The Western Balkans are a group of countries that are targeted by the European Union enlargement policy. This group is originally constituted by Albania, Croatia, North Macedonia, Montenegro, Bosnia and Herzegovina, Serbia and Kosovo. Croatia joined the European Union in 2013, and hence is no longer targeted by the Western Balkan EU policy. Among the six remaining countries – also referred as the Western Balkan 6 (WB6) – four are candidate countries to enter the EU (Montenegro, Albania, Serbia and North Macedonia) and two (Bosnia and Herzegovina and Kosovo) are potential candidates.
In May 2018, a summit gathering the Western Balkans Leaders and the European Leaders to discuss about the future of the cooperation, took place in Sofia, Bulgaria. This summit lead to the Sofia Declaration. In this declaration, the Wester Balkans representatives re-emphasized their will to become members of the European Union whilst the representatives of the European Union, reaffirmed their support policy towards the admission of the Western Balkans countries as EU members.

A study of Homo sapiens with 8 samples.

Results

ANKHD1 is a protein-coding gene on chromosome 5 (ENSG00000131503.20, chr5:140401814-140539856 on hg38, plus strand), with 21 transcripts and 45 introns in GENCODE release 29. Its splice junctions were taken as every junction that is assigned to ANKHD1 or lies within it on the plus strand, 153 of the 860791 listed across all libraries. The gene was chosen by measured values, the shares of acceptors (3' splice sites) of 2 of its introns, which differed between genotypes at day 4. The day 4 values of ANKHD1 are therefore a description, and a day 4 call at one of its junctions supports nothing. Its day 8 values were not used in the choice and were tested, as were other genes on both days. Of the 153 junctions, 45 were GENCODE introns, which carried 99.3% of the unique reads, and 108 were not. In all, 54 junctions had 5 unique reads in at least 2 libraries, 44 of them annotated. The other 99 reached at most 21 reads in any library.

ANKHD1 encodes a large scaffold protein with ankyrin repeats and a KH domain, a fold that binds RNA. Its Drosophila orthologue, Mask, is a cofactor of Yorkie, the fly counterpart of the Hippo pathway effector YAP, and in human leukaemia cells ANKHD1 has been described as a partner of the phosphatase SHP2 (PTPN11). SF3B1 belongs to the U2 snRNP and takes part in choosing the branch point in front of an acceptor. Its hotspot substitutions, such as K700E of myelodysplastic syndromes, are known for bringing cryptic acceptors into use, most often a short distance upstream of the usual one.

The admission of the Western Balkans countries as member states of the European Union is conditioned to various factors. The convergence of the Western Balkans States in terms of socio-economic and political development is at heart of the admission process. This convergence is sought through a set of measures targeting various domains such as preventing organised crime or encouraging neighbourhood stability.
Similarly, enabling a pro-business environment through the development of clusters is a piece of the puzzle towards a more even socio-economic development. By organising cluster matchmaking events, in Thessaloniki, in September 2017 and in Croatia in November 2018, the European Commission reaches out once more to the Western Balkans, to trigger their admission.
Therefore, the ECCP is highly involved in encouraging cluster policies and cluster development in the Western Balkans.